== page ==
Once again, Patricia McKillip breathes fresh air into a genre drowning in Lord of the Rings clones and D&D adventures gone bad, and while this isn't her strongest work, it's still a great listen.
Few if any fantasy authors capture the sense of wonder and fairy like she does, even the ones who are excellent for other reasons. Her style is evocative of the time pre-Tolkien: closer to the King of Elfland's Daughter than to Dragonlance.
Gabrielle de Cuir's narration is as excellent as ever: I am always happy to see her name crop up.
First off, I have to state that Gabrielle de Cuir is one of my favorite narrators, and she does a great job here as always.
For those who don't know her, Ursula K. Le Guin is one of the most important Sci-Fi/Fantasy authors of her generation, making significant contributions to both genres, including some true classics, such as the Lathe of Heaven, the Left Hand of Darkness, and (on the fantasy side) the Earthsea cycle. She is more akin to Margaret Atwood than Lois McMaster Bujold, with no offense meant -- I love my periodic Vorkosigan fix.
Her Sci-Fi is also somewhat reminiscent of Bradbury, which means that this is true cerebral science fiction, where the stories and fantastical settings are employed as tools to enable us think about ourselves, our culture and mores. As a collection of short stories, some of the "Planes" visited are more compelling and intriguing than others, and I would not place Changing Planes on quite the same level as the novels mentioned above, but it is still head and shoulders above much of what goes for Sci-Fi or speculative fiction these days.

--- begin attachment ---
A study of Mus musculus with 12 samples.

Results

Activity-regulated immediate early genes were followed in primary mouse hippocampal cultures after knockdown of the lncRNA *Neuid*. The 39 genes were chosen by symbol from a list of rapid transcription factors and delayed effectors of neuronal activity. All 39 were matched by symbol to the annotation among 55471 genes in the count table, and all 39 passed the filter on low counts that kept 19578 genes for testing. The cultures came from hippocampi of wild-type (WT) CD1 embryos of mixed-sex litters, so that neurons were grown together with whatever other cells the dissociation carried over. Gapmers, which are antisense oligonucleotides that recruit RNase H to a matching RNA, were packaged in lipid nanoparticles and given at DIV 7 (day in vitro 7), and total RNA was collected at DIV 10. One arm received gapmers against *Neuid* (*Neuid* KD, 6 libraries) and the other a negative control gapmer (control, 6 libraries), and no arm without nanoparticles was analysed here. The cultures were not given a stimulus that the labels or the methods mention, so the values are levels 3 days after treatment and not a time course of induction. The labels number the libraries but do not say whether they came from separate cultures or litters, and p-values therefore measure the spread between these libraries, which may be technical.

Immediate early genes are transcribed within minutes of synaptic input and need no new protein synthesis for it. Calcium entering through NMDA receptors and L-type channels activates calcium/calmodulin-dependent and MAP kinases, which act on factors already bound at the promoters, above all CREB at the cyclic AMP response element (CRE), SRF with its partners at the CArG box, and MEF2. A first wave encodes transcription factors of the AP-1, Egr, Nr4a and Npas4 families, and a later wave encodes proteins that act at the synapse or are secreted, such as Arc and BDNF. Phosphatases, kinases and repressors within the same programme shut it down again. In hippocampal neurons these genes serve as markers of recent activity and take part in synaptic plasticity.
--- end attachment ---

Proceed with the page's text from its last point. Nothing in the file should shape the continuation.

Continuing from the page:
Adventures is one of those books that tries to interweave it's story with metaphysical quirkiness, and mostly succeeds (I enjoyed the listen). I certainly give Pat Murphy kudos for trying something different. Some reviews have compared it to Gaiman, but it is less urban fantasy and more of a playful postmodern romp a la Coleman & Perrin's The Jamais Vu Papers. If that's your sort of thing, then definitely give it a try. If you read the description and the premiss sounds intriguing to you, then it's worth a listen -- this will not be everyone's cup of tea, but Pat Murphy is a capable writer, and I definitely got a few smiles out of it.
In this day and age, anyone looking to download Dickens (other than, perhaps, A Christmas Carol) knows what they are getting.
I would, however, like to add my voice to the other reviewers in stating that the narration in this version is truly a cut above. I was particularly struck by the accents -- Jarvis doesn't just effectively create distinct voices for the characters, but takes the extra step of assigning a wide variety of appropriate and effective accents. Really a pleasure to listen to.